She was kidnapped from Onslow County. Held captive for about a month, she was exploited until she managed to escape.

Now, she's at Anna's House, a safehouse for recovering human trafficking victims at an undisclosed location in the New Bern area.

Anna's House is coming up on its first anniversary of operation and going strong, according to Sarah Tellis, founder and CEO of True Justice International, the anti-trafficking ministry and organization that runs it.

Tellis — a New Bern resident who started her international ministry in 2011 when a trip to Greece opened her eyes to the seriousness of trafficking — said the home was donated to TJI and has so far given shelter to seven young women. Currently, two reside there.

“The girls are not from New Bern,” she said, though many are from the region. “One of our most tragic cases was with a girl from Onslow County who was kidnapped from that area and held captive for about a month and exploited.”

That girl ran away from her captors and went to the Jacksonville Police, who contacted Tellis .

Women who are brought into the shelter are allowed to stay for up to a year. While there, TJI counsels them and works with them to get a new start in life. Eventually they move from the safe house to a transitional program “where they are fully integrated back into society with jobs and education under way,” Tellis said.

The women take college courses or work on their GED while in the home.

Those whose therapy and work have advanced enough move into rented apartments where “we complete the steps to healing,” Tellis said. They continue receiving therapy and financial help. Eventually, TJI aims to get them back with their children and “family members who love them.”

Tellis noted that a lot of their clients have children. Tellis works with Safe Families, a Christian foster care organization, to find homes for the children while the mothers recover, and where the mothers can have visitation time.

Anna’s House was named after Anna Leland, a TJI volunteer who died of breast cancer in 2015.

Last week, two state legislators — Lt. Gov. Dan Forrest and N.C. Sen. Norman Sanderson — saw first hand the help Anna's House provides during a visit. The two legislators were introduced to the women living there, TJI staff, and Boaz, a small dog who lives in the house with the women. After a brief prayer circle, the men were shown through the house, while Tellis talked about the lives the residents live there.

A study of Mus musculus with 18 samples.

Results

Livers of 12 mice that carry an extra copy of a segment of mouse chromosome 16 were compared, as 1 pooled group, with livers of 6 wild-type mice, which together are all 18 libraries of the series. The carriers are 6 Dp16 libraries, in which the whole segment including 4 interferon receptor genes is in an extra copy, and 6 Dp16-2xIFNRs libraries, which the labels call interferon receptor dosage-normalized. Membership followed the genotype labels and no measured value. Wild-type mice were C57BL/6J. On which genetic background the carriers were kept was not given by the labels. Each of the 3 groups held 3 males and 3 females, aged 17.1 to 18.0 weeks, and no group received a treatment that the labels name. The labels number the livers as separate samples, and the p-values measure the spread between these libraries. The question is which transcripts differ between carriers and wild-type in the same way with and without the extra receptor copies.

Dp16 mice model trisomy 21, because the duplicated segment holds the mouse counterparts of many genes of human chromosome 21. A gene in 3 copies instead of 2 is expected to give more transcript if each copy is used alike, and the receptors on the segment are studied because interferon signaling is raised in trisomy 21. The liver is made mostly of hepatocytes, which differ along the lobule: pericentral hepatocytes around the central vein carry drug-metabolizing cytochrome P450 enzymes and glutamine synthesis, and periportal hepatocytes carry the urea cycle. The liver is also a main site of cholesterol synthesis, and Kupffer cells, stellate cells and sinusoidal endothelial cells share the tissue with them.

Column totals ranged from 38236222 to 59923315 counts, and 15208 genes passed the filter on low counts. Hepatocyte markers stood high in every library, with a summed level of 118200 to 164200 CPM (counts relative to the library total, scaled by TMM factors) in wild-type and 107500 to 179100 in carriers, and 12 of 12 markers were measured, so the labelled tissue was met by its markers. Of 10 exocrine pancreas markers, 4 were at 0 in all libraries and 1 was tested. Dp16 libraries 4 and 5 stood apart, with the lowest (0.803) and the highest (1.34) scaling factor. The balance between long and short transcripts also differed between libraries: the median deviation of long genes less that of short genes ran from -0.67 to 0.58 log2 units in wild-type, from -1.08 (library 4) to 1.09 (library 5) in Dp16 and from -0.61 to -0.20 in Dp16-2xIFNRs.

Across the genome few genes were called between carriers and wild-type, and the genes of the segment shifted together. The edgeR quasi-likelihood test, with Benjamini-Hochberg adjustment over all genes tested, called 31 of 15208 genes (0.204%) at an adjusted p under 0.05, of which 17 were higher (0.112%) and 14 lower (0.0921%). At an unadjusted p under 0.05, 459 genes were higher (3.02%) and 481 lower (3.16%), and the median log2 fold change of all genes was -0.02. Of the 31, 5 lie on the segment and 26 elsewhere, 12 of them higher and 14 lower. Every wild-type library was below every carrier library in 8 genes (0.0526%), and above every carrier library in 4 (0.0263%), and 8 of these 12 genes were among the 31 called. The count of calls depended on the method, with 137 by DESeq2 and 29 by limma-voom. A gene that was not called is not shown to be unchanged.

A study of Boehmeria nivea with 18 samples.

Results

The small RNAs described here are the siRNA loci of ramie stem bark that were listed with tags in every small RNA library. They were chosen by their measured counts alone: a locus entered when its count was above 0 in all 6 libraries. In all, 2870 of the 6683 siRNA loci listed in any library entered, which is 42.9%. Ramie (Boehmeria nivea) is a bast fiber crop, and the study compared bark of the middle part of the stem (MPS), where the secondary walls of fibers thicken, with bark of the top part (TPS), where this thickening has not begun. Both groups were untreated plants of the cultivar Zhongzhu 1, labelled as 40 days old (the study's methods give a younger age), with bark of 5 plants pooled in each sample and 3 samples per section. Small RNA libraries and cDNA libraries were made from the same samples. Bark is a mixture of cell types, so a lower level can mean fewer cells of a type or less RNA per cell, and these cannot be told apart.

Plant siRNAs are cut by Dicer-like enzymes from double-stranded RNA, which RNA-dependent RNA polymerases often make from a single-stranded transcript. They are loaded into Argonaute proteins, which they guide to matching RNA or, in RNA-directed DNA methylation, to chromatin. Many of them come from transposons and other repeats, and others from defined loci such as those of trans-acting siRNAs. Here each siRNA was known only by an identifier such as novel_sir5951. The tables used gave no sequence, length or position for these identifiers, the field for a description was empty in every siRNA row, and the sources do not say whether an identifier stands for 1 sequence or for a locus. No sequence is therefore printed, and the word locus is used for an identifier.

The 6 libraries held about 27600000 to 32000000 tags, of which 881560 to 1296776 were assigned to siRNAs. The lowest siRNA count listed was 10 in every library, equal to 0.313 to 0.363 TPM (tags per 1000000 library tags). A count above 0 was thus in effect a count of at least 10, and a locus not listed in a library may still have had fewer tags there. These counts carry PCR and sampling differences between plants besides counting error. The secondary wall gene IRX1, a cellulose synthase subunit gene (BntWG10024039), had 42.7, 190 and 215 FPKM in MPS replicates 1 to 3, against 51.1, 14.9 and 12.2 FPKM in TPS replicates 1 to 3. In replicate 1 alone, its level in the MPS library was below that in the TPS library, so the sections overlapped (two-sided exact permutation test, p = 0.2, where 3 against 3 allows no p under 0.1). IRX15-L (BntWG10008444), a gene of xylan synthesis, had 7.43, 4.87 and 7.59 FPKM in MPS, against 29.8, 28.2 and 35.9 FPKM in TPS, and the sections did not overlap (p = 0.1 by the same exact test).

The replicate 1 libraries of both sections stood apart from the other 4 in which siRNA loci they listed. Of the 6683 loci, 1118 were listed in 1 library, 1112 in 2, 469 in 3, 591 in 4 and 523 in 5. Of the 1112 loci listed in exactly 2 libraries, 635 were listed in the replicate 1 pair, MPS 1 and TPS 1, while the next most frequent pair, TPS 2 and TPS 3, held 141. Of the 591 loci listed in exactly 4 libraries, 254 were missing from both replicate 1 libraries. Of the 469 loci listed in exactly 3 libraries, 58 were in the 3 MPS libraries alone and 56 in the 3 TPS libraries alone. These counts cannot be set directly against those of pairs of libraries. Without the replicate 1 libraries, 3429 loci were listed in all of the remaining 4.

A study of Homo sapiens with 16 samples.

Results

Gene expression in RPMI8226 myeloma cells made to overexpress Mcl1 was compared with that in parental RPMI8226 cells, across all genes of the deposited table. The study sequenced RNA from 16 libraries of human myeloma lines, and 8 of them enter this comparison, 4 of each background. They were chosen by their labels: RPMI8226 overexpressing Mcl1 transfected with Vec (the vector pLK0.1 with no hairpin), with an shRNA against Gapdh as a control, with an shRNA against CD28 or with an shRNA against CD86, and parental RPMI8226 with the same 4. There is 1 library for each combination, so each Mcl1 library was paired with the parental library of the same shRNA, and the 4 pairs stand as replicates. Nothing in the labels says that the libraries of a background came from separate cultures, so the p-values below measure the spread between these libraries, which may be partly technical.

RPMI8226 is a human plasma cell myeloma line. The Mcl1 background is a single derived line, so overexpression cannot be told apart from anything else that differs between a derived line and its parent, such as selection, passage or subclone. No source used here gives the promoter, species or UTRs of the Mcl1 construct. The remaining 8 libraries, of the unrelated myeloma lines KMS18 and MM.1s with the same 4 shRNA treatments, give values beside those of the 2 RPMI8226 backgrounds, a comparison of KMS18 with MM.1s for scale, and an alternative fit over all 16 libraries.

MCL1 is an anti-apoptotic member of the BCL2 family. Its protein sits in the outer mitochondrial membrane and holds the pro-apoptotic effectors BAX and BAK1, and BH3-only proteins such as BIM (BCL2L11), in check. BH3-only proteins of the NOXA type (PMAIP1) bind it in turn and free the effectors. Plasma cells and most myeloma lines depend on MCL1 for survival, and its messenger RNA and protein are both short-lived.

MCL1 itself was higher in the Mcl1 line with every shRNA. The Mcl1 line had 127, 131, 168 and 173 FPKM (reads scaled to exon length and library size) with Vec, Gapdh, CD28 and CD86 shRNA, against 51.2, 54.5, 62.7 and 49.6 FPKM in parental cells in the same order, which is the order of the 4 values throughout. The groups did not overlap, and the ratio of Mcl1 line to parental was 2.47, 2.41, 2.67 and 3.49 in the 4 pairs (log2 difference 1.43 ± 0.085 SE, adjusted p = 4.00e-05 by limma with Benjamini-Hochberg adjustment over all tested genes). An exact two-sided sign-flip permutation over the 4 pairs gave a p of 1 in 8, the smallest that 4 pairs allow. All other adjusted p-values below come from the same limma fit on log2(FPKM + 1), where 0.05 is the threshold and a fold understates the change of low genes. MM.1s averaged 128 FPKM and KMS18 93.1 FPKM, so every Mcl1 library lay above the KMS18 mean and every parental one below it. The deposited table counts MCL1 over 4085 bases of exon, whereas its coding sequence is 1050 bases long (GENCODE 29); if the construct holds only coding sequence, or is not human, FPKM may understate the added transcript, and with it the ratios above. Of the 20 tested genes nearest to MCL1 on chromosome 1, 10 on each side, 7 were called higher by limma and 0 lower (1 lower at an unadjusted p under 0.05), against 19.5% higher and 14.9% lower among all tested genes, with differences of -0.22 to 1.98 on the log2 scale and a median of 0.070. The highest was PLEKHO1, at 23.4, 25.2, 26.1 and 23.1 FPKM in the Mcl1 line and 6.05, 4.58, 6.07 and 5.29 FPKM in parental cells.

Among their work is crafts that they learn, including making bracelets that are then donated around the world to trafficking victims as a reminder of the possibility of escaping from that life. The volunteers are paid for the bracelets they make.

Tellis said that Forrest and Sanderson have been particularly supportive of her ministry.

“This is fantastic,” Forrest said. “It’s the only one I know of its kind in North Carolina.

“We all know the kind of challenge that North Carolina faces with human trafficking, it being one of the largest human trafficking states,” he added. “People don’t even know it. Most people ignore this issue because it’s so hard to deal with, so hard to stomach.”

He said that trafficking — sexual, agricultural and in businesses — is all around. Victims can be found in even the best communities.

“So to have a safe house like this in place for these young ladies to come and restart is just absolutely critical,” he said.

A member of the the N.C. Human Trafficking Commission, Tellis is active about her cause, speaking and bringing awareness to communities in America and abroad.

The commission has scheduled a symposium on human trafficking at the New Bern Riverfront Convention Center on April 9 and 10. The symposium aims to increase knowledge of the complexity of human trafficking and to create a training model for dealing with the issue.

For more information on the commission, trafficking, or help to escape, contact TJI at 252-631-5111 or go online to the TJI website at www.truejustice.global.